Founded by ex-NATO AI and cybersecurity experts, Sentinel is backed by seasoned angel investors, such as Jaan Tallinn (Skype), Taavet Hinrikus (TransferWise), Ragnar Sass and Martin Henk (Pipedrive). The investor lineup includes United Angels VC, an early stage VC fund in the Baltics and Nordics with notable investments in tech startups like Bolt, Monese, Starship and Veriff.
“Sentinel is an example of developing defensive technology that can mitigate a potentially destabilising race,” commented on his latest investment Jaan Tallinn, the founding engineer of Skype, now dedicated to AI alignment and the mitigation of existential risks from advanced technology.
Sentinel stands for true and trustful information
Several studies show, that realistic-looking images and videos produced with AI that portray someone doing or saying something that never actually happened are growingly being used in politics, information operations and elsewhere.
According to an Oxford University research paper, recent years have witnessed a massive growth in the number of countries launching disinformation campaigns, with 70 countries on the blacklist in 2019, compared to 28 just two years earlier. Inexpensive distribution channels such as social media rapidly increase the capability to manipulate citizens, damage the economy and disrupt democratic processes.
Sentinel co-founder and CEO Johannes Tammekänd, who has previously worked at NATO Cooperative Cyber Defence Centre of Excellence, finds that advanced deepfakes are now beyond identifiable by the naked eye and ear, sowing doubt on authentic media content.
„When any video can be a deepfake, instead of being deceived, people may grow to distrust a large part of video and audio recordings. Furthermore, neglecting the authenticity of the content altogether, people may become susceptible to believing only what confirms their biases,” Tammekänd noted. “In the long term, the majority of digital information will be automated and produced by AI, which necessitates a trust layer for the Internet to protect people against information warfare,“ Tammekänd added.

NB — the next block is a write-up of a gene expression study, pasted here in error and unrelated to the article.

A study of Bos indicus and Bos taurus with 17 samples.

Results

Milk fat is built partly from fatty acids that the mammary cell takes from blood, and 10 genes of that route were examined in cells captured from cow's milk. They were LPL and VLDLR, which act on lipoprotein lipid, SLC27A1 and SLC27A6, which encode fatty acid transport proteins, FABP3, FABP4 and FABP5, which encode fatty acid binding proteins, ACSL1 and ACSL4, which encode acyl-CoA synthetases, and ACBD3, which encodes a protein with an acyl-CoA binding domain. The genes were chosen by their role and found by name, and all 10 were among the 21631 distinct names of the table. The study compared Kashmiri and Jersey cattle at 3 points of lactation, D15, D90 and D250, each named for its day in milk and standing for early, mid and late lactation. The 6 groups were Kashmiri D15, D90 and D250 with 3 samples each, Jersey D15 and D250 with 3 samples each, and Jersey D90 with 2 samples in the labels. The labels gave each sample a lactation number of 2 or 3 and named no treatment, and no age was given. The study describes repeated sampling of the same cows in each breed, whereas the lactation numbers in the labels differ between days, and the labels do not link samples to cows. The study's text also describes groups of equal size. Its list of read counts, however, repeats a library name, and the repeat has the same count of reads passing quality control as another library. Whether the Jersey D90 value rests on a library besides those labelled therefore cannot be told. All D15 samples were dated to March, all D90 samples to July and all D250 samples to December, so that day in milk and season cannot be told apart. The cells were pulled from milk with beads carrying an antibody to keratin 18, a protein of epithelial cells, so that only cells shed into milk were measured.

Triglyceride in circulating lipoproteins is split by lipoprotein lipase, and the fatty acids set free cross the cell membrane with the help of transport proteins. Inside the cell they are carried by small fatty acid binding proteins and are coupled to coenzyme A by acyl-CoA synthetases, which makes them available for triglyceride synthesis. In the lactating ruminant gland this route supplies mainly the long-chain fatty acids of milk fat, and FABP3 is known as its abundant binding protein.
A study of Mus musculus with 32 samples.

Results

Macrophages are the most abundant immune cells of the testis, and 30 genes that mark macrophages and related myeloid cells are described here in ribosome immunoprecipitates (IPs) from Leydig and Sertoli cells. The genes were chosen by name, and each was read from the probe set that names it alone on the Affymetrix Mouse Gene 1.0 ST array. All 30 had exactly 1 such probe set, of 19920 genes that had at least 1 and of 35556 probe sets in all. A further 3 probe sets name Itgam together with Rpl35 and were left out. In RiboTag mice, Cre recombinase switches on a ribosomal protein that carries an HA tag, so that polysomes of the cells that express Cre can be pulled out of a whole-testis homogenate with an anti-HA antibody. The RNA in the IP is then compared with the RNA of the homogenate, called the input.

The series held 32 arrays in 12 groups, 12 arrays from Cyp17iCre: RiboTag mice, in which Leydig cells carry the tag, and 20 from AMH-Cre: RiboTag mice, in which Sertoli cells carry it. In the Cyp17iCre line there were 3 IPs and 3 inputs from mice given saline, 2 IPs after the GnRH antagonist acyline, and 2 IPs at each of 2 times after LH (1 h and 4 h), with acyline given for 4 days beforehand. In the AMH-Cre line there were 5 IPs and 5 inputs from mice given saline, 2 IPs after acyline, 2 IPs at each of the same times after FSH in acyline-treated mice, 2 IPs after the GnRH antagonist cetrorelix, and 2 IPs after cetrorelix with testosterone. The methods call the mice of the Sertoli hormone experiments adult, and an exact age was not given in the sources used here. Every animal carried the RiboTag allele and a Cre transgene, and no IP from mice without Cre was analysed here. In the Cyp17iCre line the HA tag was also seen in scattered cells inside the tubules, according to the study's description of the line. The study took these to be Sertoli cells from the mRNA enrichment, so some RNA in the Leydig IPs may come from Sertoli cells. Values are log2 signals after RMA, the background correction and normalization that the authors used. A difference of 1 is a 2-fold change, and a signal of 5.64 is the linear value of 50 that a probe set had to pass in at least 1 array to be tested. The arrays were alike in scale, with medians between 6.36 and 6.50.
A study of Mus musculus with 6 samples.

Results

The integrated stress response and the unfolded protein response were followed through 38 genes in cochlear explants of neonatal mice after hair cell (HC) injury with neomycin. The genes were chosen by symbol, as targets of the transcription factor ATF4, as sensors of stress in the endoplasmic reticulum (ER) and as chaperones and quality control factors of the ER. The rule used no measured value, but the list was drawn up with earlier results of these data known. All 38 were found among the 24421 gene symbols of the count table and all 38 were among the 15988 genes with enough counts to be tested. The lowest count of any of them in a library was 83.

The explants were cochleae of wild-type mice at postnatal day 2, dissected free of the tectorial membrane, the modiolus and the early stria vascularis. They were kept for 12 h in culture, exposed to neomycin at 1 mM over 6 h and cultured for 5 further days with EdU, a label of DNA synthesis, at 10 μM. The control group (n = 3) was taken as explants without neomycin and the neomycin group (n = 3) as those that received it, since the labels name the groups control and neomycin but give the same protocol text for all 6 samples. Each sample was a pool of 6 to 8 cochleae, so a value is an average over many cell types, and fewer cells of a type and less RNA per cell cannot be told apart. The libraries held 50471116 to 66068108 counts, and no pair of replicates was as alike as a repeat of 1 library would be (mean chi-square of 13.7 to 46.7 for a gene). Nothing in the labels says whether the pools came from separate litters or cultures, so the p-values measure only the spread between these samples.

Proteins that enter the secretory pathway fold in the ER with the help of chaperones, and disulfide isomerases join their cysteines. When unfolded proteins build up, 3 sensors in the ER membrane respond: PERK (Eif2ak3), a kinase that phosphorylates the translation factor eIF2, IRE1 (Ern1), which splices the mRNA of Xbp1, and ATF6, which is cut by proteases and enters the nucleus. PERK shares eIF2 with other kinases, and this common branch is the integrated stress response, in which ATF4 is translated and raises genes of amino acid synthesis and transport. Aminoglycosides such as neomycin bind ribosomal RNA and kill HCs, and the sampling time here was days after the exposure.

Today, sophisticated adversaries can produce deepfakes at scale, using only a single selfie. A recent study by Sentinel shows an exponential growth in deepfakes found in the wild (anywhere on the Internet), totalling to more than 145,000 in 2020, which indicates a ninefold year-on-year growth. The authors of the study bring out the heightened probability that some of the upcoming key political events, such as 2020 U.S. presidential elections, will see the deployment of AI-enabled information operations through deepfake video, text or audio in an attempt to influence the outcome.
Sentinel works with some of the leading International media outlets, governments and defence agencies, including European External Action Service, the combined foreign and defence ministry of the EU. The company’s early clients include the Estonian Government – one of the most advanced in e-governance, digital identity and cybersecurity. Estonia is pledging to become a flagship country in countering information warfare and has involved Sentinel in its latest innovation project called Accelerate Estonia.